Yesterday was India’s Independence Day, a yearly celebration of India’s establishment as a country independent from the United Kingdom’s colonial rule. Although the event occurred in 1947, India is still a young country considering how old some countries on this planet are. While us interns have typically been at the front of the classroom, leading lessons and posing questions, Independence Day was the students’ time to teach with us in seats, paying attention. We had been hearing about the huge program and the routines the students had been practicing for weeks, but yesterday was the day everything came together and, I have to say, the emotional investment and excitement of the students really shined on stage.
Watching some of my students sing, dance, and act in the final play was so inspiring and relates to my last blog post about how, if we incorporate art and movement into lessons, the students are more emotionally invested. As well as just getting to relax and see some great performances, the history of the performances (explained to us after the show due to the language barrier) showed how leadership roles can transfer when exchanging cultural staples. When I’m at the front of the room teaching the kids “Country Roads” by John Denver to relate the mountains of Dehradun to the ones in West Virginia, the students are listening. Now was my time to listen and take what I can from the dance featuring god and goddess figures, historical portraits, and Hindi song lyrics. This is the cultural exchange in motion.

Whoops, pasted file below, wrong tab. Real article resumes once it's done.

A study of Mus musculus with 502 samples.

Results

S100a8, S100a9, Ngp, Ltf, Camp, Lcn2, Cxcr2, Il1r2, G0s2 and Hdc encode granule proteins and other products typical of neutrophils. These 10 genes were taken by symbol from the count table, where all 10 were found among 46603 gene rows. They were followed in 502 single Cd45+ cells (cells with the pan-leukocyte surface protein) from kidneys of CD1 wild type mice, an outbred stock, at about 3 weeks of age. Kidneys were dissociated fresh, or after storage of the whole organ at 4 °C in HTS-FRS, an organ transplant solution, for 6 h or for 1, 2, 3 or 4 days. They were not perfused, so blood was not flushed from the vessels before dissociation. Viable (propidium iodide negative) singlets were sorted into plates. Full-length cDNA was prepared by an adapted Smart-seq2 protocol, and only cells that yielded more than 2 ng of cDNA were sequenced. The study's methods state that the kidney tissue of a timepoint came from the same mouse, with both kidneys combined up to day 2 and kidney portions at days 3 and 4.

Despite some adults feeling as though this celebration of the work the students have put in was a good time to hog the mic and make the event about themselves and politics, the messages the students were conveying still hit their target. If I had to spotlight one routine, four of the older students in my class performed a dance highlighting the common misconception that femininity is confined to one box, one set of characteristics. The four girls were dressed in various outfits, one dancing in cleats with a soccer ball, one in a dancer’s uniform, one in typical Indian celebratory dress, and one in common wear. You didn’t need to speak Hindi to get the message and, in a community which our bosses at Ankuri have said is a very patriarchal, I believe the conversation is crucial.
I’m so glad we got to attend the ceremony. I’ve attached a few pictures from the show. Enjoy!